UK banking giant Barclays' proposed sale of its French retail banking business has been quickly followed up an upgrade of its debt rating by Moody's.
Following the close of markets on Tuesday (12 December), Moody's said it had upgraded Barclays' long-term issuer and senior unsecured debt ratings to Baa2 from Baa3, and the long-term deposit and senior unsecured debt ratings of the group's main operating company Barclays Bank to A1 from A2.
The upgrades were prompted by Moody's assessment that Barclays' senior unsecured and Barclays Bank's junior depositors and senior unsecured creditors face a "lower loss given failure as a result of Barclays' issuance of loss-absorbing capital that has occurred to date."
However, in Moody's view, "negative pressures continue to weigh on Barclays Bank's standalone credit profile, which are reflected in the continuing negative ratings outlook on both Barclays and Barclays Bank."
Overnight, Barclays revealed the sale of its French retail banking unit to private equity firm AnaCap Financial Partners. The terms and valuation of the deal – which includes 74 retail branches, life insurance, wealth management and brokerage operations – were not disclosed.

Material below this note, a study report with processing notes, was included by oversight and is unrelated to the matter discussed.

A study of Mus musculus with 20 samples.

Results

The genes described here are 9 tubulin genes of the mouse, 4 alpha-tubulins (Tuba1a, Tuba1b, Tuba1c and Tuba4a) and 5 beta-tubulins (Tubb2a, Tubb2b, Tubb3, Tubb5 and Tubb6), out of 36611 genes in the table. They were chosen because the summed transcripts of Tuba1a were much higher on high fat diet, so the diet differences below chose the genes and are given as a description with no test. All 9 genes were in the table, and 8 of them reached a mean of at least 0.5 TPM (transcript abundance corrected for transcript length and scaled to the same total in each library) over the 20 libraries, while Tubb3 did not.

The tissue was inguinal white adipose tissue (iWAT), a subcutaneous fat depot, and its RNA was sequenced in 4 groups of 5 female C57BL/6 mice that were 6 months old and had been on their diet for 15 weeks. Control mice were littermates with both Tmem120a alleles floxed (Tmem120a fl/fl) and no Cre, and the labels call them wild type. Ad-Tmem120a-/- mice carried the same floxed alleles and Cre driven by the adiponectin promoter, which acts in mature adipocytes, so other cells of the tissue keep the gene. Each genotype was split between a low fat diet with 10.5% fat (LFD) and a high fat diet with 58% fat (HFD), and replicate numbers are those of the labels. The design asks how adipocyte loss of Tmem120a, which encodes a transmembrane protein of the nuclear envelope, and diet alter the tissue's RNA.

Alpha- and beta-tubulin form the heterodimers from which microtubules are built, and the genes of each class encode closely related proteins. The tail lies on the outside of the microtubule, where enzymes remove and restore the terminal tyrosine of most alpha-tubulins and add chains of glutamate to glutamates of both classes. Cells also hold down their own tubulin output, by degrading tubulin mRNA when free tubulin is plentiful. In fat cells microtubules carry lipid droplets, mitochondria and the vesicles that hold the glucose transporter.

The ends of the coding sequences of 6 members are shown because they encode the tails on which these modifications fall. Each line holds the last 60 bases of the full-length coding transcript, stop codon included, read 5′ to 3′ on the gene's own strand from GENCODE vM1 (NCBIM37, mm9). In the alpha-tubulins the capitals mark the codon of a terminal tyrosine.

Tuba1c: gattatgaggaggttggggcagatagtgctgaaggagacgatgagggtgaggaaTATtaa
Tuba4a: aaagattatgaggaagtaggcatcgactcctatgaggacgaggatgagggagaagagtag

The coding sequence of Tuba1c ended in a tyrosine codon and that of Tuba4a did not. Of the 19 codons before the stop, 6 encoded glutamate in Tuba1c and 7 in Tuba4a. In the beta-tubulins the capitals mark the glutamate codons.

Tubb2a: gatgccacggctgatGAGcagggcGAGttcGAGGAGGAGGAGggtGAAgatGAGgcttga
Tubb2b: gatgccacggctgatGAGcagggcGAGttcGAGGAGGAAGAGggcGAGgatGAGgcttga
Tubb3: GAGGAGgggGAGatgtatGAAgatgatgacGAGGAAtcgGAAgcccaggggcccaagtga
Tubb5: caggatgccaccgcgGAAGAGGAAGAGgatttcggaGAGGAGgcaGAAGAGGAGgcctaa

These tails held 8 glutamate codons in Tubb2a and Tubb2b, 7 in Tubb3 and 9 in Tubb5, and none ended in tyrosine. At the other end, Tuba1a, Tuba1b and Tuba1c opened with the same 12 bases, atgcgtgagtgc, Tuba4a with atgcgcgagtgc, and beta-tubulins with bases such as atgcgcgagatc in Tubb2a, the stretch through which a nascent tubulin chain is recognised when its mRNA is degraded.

However, Barclays said the deal does not include its French corporate and investment banking operations. Group chief executive Jes Staley said that the French retail banking business was "no longer central" to the bank's core strategy.
"This is another positive step in reducing our non-core unit, creating a more focused, simpler Barclays, and thereby releasing the strong performance of our core business. The agreement to sell our French business completes Barclays' exit from retail banking in continental Europe," he added.